Nursing student is her family’s fourth generation nurse
When Halee Loving graduates today from Kent State University’s School of Nursing, she will walk in familiar footsteps.
The 23-year-old North Kingsville native is the fourth generation of her family to graduate with a nursing degree and third generation to graduate from Kent State University with a nursing degree. Her great-grandmother, grandmother and mother are all nurses. Hers is a legacy of academic achievement that stretches back more than 50 years.
“I have grown up around nursing and I have seen how rewarding it can be,” said Loving, a 2016 graduate of Edgewood High School. “I knew that I wanted to help people and make a difference in people’s lives. I found that nursing would be the best way for me to do that. I think growing up around nursing influenced my decision to pursue it.”
The Zee family’s tradition of nursing goes back to Loving’s late, great-grandmother, Rita Zee, of Kingsville, who obtained her license in practical nursing in 1969. She returned to school to get her nursing education when she was in her 40s and attended Jane Addams Vocational School in Cleveland.
She soon secured a nursing position with the Ashtabula County Nursing Home (newly built at the time), and worked there many years up until her death in 1987.
“She was an exceptional caregiver and fondly remembered by staff and residents,” said Zee’s granddaughter, Robin Zee, 49, of Ashtabula. Robin Zee is Loving’s mother.
Loving’s grandmother, Barbara Adley, 71, of Ashtabula, obtained her nursing degree from Kent State University in 1987. She worked as a registered nurse for Lake Hospital Systems in Lake County for more than 30 years, retiring in 2015.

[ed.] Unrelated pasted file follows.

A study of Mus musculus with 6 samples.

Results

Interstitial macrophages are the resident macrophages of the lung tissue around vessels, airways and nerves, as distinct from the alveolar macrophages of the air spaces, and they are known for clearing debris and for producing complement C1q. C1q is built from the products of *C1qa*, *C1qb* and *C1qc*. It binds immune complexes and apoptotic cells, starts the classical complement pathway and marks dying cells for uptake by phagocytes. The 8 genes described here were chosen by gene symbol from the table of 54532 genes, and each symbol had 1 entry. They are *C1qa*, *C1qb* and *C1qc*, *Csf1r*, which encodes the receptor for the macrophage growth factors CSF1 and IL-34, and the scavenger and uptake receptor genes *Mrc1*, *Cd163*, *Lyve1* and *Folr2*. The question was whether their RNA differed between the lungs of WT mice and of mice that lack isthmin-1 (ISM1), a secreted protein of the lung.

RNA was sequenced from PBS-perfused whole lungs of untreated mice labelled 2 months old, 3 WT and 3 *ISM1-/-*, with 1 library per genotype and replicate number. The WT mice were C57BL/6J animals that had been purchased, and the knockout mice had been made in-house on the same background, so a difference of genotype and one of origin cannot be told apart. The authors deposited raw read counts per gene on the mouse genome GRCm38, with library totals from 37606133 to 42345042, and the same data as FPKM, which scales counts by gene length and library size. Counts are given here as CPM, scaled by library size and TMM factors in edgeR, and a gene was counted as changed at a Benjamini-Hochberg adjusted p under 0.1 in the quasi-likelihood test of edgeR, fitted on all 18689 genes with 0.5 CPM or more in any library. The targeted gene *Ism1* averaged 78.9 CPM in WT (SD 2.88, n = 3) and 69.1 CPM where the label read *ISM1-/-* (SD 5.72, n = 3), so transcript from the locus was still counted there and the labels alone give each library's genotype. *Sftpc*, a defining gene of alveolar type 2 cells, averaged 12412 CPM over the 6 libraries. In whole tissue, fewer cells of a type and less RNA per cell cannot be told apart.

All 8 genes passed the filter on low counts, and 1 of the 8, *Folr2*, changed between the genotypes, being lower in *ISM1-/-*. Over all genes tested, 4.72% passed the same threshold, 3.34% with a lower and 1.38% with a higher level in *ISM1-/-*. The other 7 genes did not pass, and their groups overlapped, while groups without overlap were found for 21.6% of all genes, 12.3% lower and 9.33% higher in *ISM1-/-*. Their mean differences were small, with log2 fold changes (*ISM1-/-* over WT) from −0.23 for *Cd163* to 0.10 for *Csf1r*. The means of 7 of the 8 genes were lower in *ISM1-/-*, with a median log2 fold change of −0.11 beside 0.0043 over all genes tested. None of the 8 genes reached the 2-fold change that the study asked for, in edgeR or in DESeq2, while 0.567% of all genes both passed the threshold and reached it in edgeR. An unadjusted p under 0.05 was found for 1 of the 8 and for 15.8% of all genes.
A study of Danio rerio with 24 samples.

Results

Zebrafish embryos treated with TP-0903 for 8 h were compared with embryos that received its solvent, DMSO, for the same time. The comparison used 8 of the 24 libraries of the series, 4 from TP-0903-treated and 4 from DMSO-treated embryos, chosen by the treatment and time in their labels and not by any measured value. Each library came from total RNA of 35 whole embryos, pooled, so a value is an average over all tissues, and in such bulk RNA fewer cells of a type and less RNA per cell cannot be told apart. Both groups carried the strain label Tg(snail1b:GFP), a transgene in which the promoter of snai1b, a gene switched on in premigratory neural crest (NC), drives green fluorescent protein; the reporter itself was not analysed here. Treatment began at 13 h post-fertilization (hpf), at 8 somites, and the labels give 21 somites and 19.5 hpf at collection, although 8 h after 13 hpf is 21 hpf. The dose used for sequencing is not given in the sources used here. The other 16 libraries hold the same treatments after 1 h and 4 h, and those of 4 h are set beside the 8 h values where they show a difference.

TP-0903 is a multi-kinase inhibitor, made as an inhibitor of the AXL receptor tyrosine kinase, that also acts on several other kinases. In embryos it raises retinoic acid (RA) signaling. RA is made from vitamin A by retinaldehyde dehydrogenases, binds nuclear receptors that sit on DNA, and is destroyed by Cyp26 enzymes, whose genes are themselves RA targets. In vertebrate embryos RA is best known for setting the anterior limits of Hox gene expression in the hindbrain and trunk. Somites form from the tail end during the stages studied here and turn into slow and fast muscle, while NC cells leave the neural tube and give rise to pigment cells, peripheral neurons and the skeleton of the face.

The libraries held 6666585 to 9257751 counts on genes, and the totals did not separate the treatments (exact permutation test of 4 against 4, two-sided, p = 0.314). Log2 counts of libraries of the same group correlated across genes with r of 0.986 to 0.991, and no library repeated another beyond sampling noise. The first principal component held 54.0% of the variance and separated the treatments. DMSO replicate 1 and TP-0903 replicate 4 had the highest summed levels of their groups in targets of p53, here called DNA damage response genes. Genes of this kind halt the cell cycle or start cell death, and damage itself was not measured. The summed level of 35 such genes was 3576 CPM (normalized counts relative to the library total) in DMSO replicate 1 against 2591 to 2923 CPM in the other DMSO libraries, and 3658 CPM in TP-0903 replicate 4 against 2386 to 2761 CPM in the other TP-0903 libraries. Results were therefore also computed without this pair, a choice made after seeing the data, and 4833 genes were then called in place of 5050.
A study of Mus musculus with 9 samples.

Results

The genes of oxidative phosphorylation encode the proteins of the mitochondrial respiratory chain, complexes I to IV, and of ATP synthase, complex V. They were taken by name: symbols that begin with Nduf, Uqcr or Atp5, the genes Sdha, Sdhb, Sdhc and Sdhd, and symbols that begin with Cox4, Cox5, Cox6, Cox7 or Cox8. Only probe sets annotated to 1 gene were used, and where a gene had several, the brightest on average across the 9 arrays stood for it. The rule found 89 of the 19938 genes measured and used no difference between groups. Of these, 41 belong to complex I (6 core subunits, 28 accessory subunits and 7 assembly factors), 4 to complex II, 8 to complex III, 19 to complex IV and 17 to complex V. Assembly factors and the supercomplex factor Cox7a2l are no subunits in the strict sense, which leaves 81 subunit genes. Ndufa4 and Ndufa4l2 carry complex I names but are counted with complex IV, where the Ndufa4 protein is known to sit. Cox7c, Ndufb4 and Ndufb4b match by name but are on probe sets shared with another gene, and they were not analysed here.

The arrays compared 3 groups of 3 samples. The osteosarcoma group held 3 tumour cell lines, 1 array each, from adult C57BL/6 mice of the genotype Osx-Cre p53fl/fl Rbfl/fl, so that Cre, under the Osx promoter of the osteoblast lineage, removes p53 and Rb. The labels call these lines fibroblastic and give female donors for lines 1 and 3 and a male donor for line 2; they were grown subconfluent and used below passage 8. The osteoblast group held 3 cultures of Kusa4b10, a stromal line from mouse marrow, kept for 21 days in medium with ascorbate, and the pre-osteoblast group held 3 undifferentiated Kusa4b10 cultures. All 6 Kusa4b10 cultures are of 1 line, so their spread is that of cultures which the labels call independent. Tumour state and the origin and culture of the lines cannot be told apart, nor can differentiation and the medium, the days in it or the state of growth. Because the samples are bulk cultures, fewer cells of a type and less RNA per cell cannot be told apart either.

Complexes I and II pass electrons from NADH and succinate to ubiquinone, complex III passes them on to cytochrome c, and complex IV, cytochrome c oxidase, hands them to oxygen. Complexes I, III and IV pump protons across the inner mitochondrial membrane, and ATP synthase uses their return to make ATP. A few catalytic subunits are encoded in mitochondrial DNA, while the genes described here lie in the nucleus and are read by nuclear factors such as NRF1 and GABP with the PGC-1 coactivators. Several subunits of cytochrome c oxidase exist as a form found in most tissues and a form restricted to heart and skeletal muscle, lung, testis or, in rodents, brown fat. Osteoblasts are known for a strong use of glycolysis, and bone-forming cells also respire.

“I chose nursing because it is a well-respected profession and allows you to help others,” said Adley, who says she is proud of her granddaughter, Halee.
Mother Robin Zee also earned her nursing degree from Kent State University in 1996. She has worked for Ashtabula County Medical Center and home care during her 25 years as a registered nurse and is currently the director of nursing for Capital Health Home Care in Ashtabula.
“I chose to be a nurse because I felt caring for patients would be a rewarding profession,” she said. “Nursing is both hard work and rewarding. Feeling you have the chance to make someone’s life better each day; it’s a very fulfilling job.”
Loving’s academic journey survived some challenges last year due to the coronavirus pandemic when classes went off campus, but she pressed on. She had clinicals at University Hospitals, Cleveland Clinic and Tri-Point. Most recently, she trained at UH Rainbow Babies and Children’s Hospital and said she really enjoyed that.
“[The pandemic] definitely motivated me to keep going and finish up school because the need for nurses increased so drastically,” she said. “The work and studies were definitely worth it. I enjoy making people feel more comfortable and forming relationships with them.”
Robin Zee said her daughter remained determined in spite of the challenges. Loving graduates today with her bachelor’s of science in nursing.
“I plan to celebrate with my family who attend the graduation ceremony,” Loving said. “And, we are planning to have a family celebration dinner next month.”